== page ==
This year’s campaign has got to be one of the strangest of all time. We have two major candidates running for president. One says strange things. One does strange things.
Donald Trump has been accused of collaborating with the Russian president and his intelligence service. He is on tape claiming that he can have sex with anyone he wants.
He lost almost a billion dollars one year and says he has paid no taxes since that loss. That’s not illegal. But it does indicate he didn’t make as much money as he claims, since a billion-dollar loss (which knocks out 15 years of taxes) doesn’t get you to $10 billion.
Hillary Clinton, for reasons never explained, used a private server for classified messages. She and her husband also ran a foundation while she was Secretary of State. It appears that charitable fundraising, meetings at the State Department, and making substantial amounts of money for themselves intermingled.
And finally, the FBI has found thousands of emails concerning Clinton on the computer of a man who sends pictures of his private parts to women and whose wife is Hillary Clinton’s top aide.
And I leave out the things she has said and has not meant.
The email saga continues
If I use reason to untangle the latest event—FBI Director James Comey’s letter to Congress—I come up with the following: He is fully aware of the consequences of what he did, and that it could change history.
Since he is not an idiot—FBI directors can be strange but not stupid—he did this deliberately. That would indicate that he has found something that will shortly be revealed and might disqualify Clinton as president.
He did it now, because if she were elected and then this came out, we would face an impeachment, paralyzing the government in a time of war. So he fired his first shot with just days to go before the election. You can expect more to come soon.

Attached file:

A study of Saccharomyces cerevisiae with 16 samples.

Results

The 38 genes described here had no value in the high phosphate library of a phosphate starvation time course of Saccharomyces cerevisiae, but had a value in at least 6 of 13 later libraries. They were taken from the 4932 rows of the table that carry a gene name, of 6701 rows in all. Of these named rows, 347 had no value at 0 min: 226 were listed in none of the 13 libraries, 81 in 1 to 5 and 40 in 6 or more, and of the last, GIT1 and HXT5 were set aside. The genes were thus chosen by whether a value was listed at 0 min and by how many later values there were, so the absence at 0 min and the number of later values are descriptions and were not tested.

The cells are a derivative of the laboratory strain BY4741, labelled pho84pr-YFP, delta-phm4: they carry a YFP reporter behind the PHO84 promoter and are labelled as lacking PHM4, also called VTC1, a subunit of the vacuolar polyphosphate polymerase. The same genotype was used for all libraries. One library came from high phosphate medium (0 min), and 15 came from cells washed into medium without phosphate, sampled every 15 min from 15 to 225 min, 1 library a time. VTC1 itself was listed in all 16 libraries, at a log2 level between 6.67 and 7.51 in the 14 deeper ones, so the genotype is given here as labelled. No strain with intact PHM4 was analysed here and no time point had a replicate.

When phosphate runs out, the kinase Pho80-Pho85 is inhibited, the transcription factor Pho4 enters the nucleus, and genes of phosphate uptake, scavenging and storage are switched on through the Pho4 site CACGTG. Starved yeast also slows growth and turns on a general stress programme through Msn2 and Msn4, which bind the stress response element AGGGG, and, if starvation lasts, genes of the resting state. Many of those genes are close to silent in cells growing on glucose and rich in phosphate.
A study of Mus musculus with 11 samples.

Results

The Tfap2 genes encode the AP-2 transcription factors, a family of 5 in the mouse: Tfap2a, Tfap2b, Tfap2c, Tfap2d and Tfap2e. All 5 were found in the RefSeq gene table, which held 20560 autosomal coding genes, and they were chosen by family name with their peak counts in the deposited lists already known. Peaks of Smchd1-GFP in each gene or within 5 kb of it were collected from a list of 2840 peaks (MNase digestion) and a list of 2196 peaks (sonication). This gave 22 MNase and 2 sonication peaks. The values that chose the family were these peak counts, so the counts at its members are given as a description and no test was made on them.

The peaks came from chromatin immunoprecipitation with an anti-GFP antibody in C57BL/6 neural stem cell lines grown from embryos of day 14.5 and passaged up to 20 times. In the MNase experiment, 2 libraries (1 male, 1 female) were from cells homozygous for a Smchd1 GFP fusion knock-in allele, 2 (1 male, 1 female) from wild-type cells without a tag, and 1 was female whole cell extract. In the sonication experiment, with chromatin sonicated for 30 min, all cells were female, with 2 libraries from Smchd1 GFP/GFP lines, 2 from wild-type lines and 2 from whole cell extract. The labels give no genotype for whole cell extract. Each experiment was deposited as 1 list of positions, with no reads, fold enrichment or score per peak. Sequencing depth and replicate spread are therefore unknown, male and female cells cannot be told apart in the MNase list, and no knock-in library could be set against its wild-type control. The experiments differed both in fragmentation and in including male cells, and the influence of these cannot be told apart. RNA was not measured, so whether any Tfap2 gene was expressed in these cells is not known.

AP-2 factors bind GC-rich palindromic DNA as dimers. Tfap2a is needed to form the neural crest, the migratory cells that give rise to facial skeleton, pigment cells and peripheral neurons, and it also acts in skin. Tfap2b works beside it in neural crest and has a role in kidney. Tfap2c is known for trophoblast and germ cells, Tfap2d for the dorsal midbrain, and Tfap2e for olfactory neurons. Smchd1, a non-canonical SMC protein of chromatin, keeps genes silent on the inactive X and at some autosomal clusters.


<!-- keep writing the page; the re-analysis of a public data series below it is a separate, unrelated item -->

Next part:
But reason may not work here. Another explanation might be just as he said. He has no reason to think that the emails are even from Clinton, but he felt that it would be nice to keep Congress in the loop. So he told them he was reopening the case to keep everybody on the same page.
He either didn’t notice it was only 11 days before the election or thought this announcement would not affect it.
The degree of strangeness is amazing. This is not the worst election in history—that has to go to the election of 1860, which started the Civil War.
They are two sides of the same coin
The oddest thing is the similarity between the two candidates. The difference is that Trump is profoundly inarticulate. Clinton is articulate in the way that people who use the term “messaging” are articulate.
But beneath the surface they strike me as the same. Neither believes in anything beyond what is of use at the moment. Neither is embarrassed by anything.
It was once said that former-UN Secretary-General Kurt Waldheim had no backbone but was kept upright by his thick skin. They say Trump has a thick skin. He has taken a lot of fire without being deterred. As for Clinton, she is no more capable of being ashamed than Trump.
Neither seems to believe that laws and social norms apply to them. And neither knows how to close off an ongoing issue with a simple admission of error, a clear explanation of how that error occurred, and a profound apology.
Trump can barely get the word “sorry” out of his mouth. Clinton will say it more easily but less believably.
Clinton can get out of this current problem by doing two things. First, explain coherently and believably why she set up the server. Then come clean on why she deleted 33,000 emails. She won’t, because she either can’t reveal the truth or can’t utter it.
It’s not the end of the world
I still believe the republic will survive either candidate. It doesn’t matter who wins. The problem is not their policies and flip-flops. I don’t care about those. I have always argued that character is more important than policy.
The president’s policies are unimportant because the most important things he or she will face will be totally unexpected. There will be mere hours in which to make decisions with no policy paper to rely on.
That is why character matters more than policies. At the crucial moments in history, a president can only go deep within himself to find the path and the courage to take it. The president may make a mistake, but if there is no depth, he will always fail.
I have studied each of these candidates. I think neither has the depth to govern. They are each shallow in different ways. But the United States will survive either one.
I respect anyone who deeply believes in either candidate. I have no interest in persuading anyone of my nihilistic view.